The Year of COVID-19. What will we say about this time in our lives next year, in five years, when our students are parents (a scary thought - as a father of a senior, I know!)? We have no idea how these uncertain times will progress. But I am very, very proud of our entire Upper School community for making this work for the first month. At a recent Upper School faculty meeting, I took a few moments to share my thoughts about these tumultuous times; my words are below.
I wanted to take a second and share my gratitude with all of you. We are going on eight months living in a COVID-19 world, and speaking for myself, I have never worked harder and felt more overwhelmed, and that includes when I prepared for my oral exams in graduate school. My hair was probably the same length back then - it was the 80s. 1980s.
We have asked so much of all of you, and with a minimal amount of grumbling (a lot of it from me), we have started the school year. Has it been perfect, heck no, but my heavens, when I walk around the halls and watch our classes and listen to our students and sit quietly covering for our remote teachers, what I hear is music to my ears: our students are learning, and engaging, and debating, and complaining about all the typical teenager things. They are laughing and yelling and joyful. It looks and feels like school again. A crazy, masked, socially-distanced, plexiglass lunch school, but more normal than not.
I realize this visceral recognition I am sharing of what we do is a much greater challenge for our remote teachers and students, but I can tell you, and I have been in a lot of classrooms, virtual community members are making a huge contribution to the life of the school.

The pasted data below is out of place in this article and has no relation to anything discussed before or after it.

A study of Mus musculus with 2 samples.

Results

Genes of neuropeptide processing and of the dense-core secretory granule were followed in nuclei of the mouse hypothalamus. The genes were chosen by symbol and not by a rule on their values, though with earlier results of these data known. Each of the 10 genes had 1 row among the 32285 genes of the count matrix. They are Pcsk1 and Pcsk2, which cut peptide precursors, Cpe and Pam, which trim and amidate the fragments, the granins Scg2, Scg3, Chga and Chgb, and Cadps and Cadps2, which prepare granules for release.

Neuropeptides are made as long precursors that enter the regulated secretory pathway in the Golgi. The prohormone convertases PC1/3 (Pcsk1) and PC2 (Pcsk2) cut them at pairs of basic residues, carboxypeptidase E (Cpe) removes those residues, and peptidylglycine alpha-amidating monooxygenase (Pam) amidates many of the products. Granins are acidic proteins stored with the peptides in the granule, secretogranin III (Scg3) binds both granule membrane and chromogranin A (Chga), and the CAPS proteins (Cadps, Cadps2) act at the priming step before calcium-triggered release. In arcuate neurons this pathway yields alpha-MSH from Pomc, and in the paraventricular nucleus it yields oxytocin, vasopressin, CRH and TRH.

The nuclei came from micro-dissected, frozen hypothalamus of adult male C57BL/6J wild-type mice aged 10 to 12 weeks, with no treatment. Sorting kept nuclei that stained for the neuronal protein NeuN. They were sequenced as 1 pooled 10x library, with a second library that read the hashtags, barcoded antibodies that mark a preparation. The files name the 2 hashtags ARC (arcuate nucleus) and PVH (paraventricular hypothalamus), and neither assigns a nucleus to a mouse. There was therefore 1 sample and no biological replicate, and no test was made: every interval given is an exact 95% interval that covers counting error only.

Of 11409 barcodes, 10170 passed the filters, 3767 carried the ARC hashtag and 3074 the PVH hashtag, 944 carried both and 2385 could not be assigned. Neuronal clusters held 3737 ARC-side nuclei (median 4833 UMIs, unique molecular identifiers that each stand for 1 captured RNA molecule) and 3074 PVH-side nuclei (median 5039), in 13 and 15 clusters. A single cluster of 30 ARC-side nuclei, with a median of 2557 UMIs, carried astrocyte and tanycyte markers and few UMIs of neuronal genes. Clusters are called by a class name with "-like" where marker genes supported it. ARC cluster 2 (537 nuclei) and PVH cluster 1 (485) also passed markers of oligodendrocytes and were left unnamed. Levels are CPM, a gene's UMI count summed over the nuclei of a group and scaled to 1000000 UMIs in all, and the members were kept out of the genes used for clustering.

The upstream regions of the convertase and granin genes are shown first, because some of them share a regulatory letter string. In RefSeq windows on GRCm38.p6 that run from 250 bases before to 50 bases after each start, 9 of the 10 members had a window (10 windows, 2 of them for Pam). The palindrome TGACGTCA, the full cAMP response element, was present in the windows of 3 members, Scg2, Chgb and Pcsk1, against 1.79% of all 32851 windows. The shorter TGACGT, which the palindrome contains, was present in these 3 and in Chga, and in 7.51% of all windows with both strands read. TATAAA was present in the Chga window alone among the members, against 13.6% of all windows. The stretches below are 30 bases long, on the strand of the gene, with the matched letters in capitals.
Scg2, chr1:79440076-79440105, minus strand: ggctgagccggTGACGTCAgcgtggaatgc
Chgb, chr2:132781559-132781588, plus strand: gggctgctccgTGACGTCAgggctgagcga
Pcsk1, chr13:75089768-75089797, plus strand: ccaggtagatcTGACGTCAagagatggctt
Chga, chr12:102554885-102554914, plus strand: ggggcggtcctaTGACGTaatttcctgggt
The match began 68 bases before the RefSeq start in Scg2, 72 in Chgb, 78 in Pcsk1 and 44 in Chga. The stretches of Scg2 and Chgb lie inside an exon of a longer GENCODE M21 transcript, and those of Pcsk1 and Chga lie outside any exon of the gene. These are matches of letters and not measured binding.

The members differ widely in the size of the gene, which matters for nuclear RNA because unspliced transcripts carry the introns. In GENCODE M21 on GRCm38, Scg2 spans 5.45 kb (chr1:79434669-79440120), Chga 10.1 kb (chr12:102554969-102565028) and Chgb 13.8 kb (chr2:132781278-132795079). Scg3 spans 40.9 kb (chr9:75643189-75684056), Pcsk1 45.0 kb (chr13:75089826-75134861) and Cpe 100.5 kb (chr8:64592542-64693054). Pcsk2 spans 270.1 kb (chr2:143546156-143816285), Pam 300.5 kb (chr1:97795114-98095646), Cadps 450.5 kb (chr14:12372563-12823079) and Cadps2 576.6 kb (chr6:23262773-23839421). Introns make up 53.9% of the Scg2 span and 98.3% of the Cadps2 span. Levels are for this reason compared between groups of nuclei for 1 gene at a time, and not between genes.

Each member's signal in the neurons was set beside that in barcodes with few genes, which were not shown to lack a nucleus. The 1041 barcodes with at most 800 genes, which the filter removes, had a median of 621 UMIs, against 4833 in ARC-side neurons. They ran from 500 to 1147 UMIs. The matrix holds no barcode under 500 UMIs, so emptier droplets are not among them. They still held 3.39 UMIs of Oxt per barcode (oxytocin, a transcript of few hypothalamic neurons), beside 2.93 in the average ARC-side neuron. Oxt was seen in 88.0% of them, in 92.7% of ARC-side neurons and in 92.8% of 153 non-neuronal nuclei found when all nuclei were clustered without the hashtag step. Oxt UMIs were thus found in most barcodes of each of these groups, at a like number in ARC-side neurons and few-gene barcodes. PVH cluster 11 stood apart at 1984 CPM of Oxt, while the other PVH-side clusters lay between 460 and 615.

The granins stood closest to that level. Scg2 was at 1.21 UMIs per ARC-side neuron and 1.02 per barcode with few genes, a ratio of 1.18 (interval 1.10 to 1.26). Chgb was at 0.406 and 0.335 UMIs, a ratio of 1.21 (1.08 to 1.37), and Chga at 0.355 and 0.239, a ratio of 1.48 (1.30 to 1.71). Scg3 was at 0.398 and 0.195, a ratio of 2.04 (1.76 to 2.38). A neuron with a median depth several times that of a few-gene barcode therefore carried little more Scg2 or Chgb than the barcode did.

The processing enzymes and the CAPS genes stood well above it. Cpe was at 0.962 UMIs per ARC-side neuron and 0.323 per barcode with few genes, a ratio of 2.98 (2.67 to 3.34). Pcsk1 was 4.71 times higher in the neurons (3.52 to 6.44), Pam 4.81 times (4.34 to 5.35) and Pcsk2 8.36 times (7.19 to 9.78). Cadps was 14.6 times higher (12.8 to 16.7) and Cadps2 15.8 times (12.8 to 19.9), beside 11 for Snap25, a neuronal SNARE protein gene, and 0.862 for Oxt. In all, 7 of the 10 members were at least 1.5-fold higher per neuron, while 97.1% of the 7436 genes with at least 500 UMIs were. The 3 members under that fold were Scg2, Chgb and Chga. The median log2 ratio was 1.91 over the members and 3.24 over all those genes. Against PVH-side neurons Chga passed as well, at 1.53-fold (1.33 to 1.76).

The elephant in the room is that this … is … hard. It is exhausting and trying and we are in uncharted territory for all of us. There is little time to breathe during the school day. And I understand why people shy (or even run) away from me, because if I ask you to do one more additional duty your head will explode. I get it. I feel the exact same way, but somehow our heads don’t explode, and we make it work.
But here is the good news - it is not forever. I truly believe that and have faith (possibly blind) that we will come through to the other side of this pandemic and in some strange way be better. If not better, at least we will have learned a lot about ourselves and discovered an array of teaching approaches and tools that would likely have remained untapped.
So I want to thank you for showing up and not giving up.
I thank you for sacrificing a significant number of your precious summer days to learn a new approach to teaching.
I thank you for figuring out how to teach people in your room, on your Zoom, and on your Zoom in China - a 12-hour time difference.
Almost all of our in-school teachers have volunteered to cover for our remote colleagues’ classes. This is huge. And let me be frank here, we would not be open as an in-person school without your willingness to do this.
I thank you for your flexibility in allowing us to make changes on the fly and for your subsequent “go with the flow” ethos.
I thank you for finding ways to accomplish what used to be the most simple tasks - giving assessments, assigning group projects, one-on-one student check-ins, group discussions, the list goes on and on. You have worked through all these unexpected difficulties with courage and humor.
Thank you for stepping up and helping a colleague who was ready to pack it in.
Thank you for being your best selves.
I sit here in awe, on Zoom, of all you and all that you have accomplished, and for overcoming all the unforeseen obstacles past, present and undoubtedly coming in our future.
You are incredible.
You have kept the heartbeat of Wardlaw+Hartridge strong.
I believe these words are true for all of us. So my lasting memory of school during COVID-19 will be of the dedication and perseverance of our entire W+H family: students, families, teachers and staff. Ram resilience runs strong.